There are many arguments and differences of opinion as to what Eastern Kentucky's future should be. A healthy debate is productive and issues should be debated and carefully weighed.
However, real progress will come only through compromise and cooperation, not by digging into rigidly ideological positions and by espousing continuous empty rhetoric.
This means that the path forward isn't going to come about merely by groups on the left routinely condemning coal mining or by groups on the right regularly blaming everything on President Barack Obama.
While Eastern Kentucky's problems are singular in many ways, in some instances, they are not so different from the challenges faced in all corners of America.
In large part, the only middle class we've ever known was because of the high-paying jobs created by the coal industry. As we all know, coal is victim to a vicious cycle of boom and bust — and right now the Central Appalachian coal basin is in a bust period.
Boom periods of the coal economy have lulled us into the devilish notion that times would always be that good. If we didn't before, now we know better than that and we can no longer just slide by hoping for another big boom that may never come again.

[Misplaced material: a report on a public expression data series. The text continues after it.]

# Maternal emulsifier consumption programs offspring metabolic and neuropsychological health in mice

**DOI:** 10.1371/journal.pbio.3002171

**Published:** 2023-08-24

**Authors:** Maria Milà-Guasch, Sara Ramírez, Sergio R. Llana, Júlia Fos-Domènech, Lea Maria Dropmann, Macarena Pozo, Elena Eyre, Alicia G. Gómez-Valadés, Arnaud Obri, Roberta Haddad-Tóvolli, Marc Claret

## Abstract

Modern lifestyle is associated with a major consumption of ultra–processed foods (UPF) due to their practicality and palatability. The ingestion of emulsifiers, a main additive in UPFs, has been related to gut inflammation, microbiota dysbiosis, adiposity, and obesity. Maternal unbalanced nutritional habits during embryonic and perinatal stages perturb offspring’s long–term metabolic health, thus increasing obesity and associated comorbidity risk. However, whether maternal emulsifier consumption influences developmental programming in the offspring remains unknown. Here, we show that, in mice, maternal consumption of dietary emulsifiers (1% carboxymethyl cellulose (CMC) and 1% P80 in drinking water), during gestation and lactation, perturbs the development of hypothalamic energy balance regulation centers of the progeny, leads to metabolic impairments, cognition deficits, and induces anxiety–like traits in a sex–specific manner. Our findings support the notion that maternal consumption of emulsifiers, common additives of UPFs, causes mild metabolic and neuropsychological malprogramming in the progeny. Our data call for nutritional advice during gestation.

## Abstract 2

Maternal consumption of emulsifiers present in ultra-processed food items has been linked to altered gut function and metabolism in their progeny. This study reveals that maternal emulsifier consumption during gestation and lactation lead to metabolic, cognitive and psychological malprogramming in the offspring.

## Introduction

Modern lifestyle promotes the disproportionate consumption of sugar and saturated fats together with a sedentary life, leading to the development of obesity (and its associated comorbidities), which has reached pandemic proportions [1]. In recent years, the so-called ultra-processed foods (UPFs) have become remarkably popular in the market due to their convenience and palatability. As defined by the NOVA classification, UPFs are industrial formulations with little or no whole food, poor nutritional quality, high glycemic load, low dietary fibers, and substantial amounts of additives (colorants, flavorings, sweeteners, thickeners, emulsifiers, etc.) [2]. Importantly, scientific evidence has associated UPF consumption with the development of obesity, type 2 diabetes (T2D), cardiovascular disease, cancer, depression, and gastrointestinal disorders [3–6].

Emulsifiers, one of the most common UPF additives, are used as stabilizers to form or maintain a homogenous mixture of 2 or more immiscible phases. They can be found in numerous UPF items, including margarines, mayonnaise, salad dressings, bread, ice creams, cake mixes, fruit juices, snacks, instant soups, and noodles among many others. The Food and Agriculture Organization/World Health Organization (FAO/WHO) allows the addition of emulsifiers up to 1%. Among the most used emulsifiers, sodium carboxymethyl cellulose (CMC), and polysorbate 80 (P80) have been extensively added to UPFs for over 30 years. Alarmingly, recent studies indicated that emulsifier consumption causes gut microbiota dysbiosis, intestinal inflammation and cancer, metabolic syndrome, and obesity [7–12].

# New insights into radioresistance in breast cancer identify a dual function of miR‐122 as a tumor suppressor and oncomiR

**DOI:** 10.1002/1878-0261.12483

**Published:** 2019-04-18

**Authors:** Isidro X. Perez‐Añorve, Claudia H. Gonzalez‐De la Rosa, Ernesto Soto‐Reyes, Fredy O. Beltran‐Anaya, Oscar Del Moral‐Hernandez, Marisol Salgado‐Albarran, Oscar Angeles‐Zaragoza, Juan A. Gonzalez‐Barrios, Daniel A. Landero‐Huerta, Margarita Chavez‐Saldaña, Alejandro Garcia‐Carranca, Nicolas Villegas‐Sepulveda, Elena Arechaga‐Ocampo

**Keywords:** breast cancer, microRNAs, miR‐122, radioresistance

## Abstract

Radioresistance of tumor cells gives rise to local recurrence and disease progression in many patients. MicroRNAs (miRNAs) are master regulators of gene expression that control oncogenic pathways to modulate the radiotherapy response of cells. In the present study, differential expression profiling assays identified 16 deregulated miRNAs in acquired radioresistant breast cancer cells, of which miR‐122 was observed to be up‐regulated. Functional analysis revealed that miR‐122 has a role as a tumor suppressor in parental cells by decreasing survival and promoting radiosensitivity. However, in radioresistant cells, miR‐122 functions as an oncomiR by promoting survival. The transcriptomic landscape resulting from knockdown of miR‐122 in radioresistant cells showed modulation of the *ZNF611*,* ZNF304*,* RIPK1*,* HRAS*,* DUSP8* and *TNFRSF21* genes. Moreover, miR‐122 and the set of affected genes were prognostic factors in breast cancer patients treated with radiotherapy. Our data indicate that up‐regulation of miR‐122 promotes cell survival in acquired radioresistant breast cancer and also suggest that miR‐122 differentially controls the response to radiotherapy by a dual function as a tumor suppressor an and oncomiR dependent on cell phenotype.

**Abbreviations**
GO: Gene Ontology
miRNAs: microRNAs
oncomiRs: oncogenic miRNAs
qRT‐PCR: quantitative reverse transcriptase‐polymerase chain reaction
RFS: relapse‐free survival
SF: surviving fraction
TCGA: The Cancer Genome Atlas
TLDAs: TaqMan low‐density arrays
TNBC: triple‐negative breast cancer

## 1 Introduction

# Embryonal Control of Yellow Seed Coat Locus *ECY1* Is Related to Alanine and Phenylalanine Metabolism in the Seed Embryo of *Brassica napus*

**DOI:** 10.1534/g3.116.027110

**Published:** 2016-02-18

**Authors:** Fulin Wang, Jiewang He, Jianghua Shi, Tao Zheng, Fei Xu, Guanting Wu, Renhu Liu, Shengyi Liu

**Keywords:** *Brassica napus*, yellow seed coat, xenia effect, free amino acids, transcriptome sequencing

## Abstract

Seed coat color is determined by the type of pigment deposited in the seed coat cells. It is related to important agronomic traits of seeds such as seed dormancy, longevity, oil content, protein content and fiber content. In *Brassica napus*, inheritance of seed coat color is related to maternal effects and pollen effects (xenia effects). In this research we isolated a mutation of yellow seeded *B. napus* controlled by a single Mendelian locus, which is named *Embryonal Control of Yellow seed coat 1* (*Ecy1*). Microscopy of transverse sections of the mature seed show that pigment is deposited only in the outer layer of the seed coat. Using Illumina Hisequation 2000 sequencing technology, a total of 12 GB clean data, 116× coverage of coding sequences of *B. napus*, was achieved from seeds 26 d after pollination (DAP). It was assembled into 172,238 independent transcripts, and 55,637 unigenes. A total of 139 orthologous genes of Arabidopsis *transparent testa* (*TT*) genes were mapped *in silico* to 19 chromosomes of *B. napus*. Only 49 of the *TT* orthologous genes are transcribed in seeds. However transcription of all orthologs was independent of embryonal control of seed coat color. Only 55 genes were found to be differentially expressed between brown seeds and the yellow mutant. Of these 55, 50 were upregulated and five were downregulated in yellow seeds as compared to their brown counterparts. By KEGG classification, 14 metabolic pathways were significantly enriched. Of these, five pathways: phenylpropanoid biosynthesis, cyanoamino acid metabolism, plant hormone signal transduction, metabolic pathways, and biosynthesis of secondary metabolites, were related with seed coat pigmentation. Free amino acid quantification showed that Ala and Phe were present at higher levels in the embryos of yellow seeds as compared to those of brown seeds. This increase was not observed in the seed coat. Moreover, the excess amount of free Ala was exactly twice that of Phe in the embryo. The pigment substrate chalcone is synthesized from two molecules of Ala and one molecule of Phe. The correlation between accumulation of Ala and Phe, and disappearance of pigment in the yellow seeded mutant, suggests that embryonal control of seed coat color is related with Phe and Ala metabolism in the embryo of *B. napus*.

The Shaping Our Appalachian Region summit was an important step toward bringing together the federal, state and local governments along with the community and business leaders who can make all the difference in securing our region's future.
Coordination and collaboration are essential components to making sure that what comes out of SOAR is more than just another report or study to sit on a shelf and collect dust.
More than anything else, Eastern Kentucky needs significant investment in infrastructure and education if we are to attract the kind of diversified economic development that can be truly transformative for our region.
This means two things must absolutely happen:
■ The state legislature must return a greater percentage of the state coal-severance tax to the coal counties for legitimate development purposes.
■ And the U.S. Congress must act to free up a portion of Abandoned Mine Lands monies for investment in Appalachia.
Without adequate funding to make the kind of investments that are crucial, it is hard to see how much more than merely nominal progress can occur. This means that our elected representatives in Washington and Frankfort have to get to work and get the job done. Playing the blame game, spinning public relations fluff and engaging in over-garnished window dressing are merely useless tools to score cheap political points.
Eastern Kentucky needs action and money, and not a moment too soon.